More on the Lord Ashcroft scandal and William Hague's involvement with the £127 million tax avoider, nuclear submarines, Clegg, Darling, the BA strike and more.
The papers also show that James Arbuthnot, Hague’s chief whip, “wrote in a letter in July 2000 that Mr Hague was satisfied that the deal met Lord Ashcroft’s undertakings” and that Arbuthnot and Hague “put pressure on Sir Hayden [Phillips, civil service go-between] to change the terms of agreement on which Lord Ashcroft was granted a peerage” – ie. to enable him to remain a non dom. Reacting to the latest revelations, foreign David Miliband told The Guardian the letters prove Hague was “intimately” involved in Ashcroft’s deception. He said: “It is now clear there has been a decade of deception at the top of the Conservative party and I repeat my call … that David Cameron sacks Lord Ashcroft.” And the Standard reports Lord Mandelson’s remarks that the affair shows David Cameron “lacks the ‘backbone and the bottle’ to find out about his major backer’s tax status”.
France has offered to join forces with the UK’s nuclear submarine fleet, with officials from both countries discussing a deterrent-sharing scheme, reports The Guardian. The British government, however, has opposed such a scheme, despite each nation’s “continuous at-sea deterrence” being described by disarmament campaigners as a “hugely expensive undertaking”. Britain’s nuclear deterrent alone could cost up to £100 billion once the fleet has been modernised. France has three nuclear-armed submarines plus a new sub yet to be deployed, each with a payload of 16 missiles, but unlike Britain it also has aircraft capable of carrying nuclear bombs Unlike Britain it also has aircraft capable of carrying nuclear bombs A French official told The Guardian: “We have talked about the idea of sharing continuity at sea as part of a larger discussion about sharing defence burdens.” Later today Left Foot Forward will look at the defence implications of the Budget.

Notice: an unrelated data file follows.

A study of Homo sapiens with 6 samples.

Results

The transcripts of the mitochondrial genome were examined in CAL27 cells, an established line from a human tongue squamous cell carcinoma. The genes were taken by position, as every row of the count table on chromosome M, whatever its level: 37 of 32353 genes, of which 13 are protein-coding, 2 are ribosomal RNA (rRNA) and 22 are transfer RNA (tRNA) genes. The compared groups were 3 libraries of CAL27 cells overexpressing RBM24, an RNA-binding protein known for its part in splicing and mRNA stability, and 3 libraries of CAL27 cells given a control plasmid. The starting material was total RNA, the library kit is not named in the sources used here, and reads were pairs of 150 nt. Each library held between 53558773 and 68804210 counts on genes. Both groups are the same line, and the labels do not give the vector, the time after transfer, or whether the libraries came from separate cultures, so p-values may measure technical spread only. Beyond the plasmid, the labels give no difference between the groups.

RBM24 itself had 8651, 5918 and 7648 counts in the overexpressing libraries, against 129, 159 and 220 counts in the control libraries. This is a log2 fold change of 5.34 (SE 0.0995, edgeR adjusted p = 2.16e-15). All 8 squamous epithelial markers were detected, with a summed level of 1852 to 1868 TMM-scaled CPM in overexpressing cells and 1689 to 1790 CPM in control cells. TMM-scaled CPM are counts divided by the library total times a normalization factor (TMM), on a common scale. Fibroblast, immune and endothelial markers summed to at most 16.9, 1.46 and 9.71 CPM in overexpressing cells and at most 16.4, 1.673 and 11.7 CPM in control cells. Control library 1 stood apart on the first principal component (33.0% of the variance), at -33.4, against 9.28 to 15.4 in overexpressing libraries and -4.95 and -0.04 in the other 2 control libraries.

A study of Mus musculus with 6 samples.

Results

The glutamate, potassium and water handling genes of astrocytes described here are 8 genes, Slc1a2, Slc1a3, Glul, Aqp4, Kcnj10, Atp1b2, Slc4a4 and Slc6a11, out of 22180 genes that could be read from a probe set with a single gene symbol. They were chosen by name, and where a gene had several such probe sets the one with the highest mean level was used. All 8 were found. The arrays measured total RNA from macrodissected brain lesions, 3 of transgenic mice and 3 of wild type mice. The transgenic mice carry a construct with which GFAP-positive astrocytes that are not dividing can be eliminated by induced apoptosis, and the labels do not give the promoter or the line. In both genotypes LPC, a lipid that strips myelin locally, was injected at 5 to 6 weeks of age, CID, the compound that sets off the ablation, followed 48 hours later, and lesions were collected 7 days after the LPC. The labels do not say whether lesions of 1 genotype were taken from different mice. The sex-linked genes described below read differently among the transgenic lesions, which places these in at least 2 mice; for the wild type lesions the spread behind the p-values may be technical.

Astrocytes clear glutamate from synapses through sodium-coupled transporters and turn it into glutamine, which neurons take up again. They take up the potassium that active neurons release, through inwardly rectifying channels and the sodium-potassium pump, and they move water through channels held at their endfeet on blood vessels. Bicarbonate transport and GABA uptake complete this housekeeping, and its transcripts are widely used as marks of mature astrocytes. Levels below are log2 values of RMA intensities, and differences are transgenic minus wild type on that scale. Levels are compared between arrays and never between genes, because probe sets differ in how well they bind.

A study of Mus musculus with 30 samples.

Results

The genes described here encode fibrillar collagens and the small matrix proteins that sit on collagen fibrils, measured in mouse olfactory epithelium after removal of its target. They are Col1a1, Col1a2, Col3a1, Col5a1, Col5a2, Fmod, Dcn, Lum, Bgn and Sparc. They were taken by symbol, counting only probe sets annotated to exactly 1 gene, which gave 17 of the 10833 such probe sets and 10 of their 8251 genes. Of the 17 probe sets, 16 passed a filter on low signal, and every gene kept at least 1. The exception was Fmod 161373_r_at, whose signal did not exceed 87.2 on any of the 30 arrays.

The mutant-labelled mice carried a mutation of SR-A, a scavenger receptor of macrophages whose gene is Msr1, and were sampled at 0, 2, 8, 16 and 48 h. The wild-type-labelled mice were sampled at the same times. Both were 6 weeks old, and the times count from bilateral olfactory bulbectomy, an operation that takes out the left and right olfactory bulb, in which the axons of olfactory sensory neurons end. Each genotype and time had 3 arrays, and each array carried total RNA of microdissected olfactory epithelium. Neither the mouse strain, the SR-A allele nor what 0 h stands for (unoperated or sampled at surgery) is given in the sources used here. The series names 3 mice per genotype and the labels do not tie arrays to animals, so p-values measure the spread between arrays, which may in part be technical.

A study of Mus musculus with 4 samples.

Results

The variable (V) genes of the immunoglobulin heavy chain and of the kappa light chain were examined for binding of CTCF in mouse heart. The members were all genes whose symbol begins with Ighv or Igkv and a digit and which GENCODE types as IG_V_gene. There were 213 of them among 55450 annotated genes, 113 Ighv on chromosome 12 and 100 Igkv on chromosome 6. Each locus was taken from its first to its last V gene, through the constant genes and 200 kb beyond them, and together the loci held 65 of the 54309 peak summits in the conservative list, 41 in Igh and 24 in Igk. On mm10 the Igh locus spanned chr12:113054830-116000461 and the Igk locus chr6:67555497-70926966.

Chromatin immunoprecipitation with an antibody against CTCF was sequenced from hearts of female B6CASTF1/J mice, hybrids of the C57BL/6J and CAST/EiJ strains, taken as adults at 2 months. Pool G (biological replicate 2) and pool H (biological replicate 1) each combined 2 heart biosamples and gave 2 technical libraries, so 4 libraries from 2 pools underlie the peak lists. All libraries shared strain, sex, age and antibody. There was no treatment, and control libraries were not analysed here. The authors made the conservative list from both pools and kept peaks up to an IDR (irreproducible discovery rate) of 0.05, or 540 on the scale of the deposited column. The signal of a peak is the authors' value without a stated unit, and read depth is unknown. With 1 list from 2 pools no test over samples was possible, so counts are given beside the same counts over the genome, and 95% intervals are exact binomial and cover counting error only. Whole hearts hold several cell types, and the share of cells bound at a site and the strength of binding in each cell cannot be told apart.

The Liberal Democrats “could support the Tories in a minority government”, reports The Independent – despite “profound differences” between the two paries. In a report out today, CentreForum, a liberal think-tank, says policy divisions would prevent Nick Clegg entering into a formal coalition and sitting in Cabinet, but there would be huge pressure on him “to act responsibly” in a hung parliament and “sustain the Tories in power” if they won more seats. The report, “A Lib-Con trick”, will say that Lib Dems are sceptical Cameron’s claim to be a “liberal Conservative”, citing “Tory plans to cut inheritance tax, the party’s ‘ardent Euroscepticism’ and its failure to turn its ‘green rhetoric’ into hard policy”. Report author Julian Astle concludes by writing: “With many Tory members and supporters now openly questioning the veracity of the climate change science, many Lib Dems suspect that, in presenting his party as ‘the new environmental party in Britain’, the Tory leader is ‘spinning’ like the windmill on his Notting Hill home.”
The Chancellor will use an unexpected revenue windfall to cut debt in next week’s Budget, trimming projected borrowing “by £5bn to £10bn”, reports the Financial Times. Public spending is on course to end the year close to target, adds the report, meaning that the government will be in the red by about £170bn, compared with a pre-Budget report forecast of £177.6bn, enabling Alistair Darling to make debt reduction a priority and put the public finances on a sounder footing. The report says that the Chancellor “hopes that improved revenues and borrowing forecasts will enable him to send a ‘steady as she goes’ message: that there is a recovery, he has a plan for deficit reduction and that he is sticking to the course he set out a year ago”.
And The Guardian reports the latest developments in the British Airways dispute, talks to avert tomorrow’s three-day strike “hanging by a thread”. As talks enter a final day, BA chief exec Willie Walsh and Unite joint general-secretary Tony Woodley were attempting to draw up a document that would allow the union to suspend the walkout. The face-to-face talks at the TUC had started badly yesterday, though many of the differences had been surmounted by last night. Even if a deal is agreed, however, problems may remain, with representatives of Bassa and Cabin Crew 89 warning they may not accept any compromise.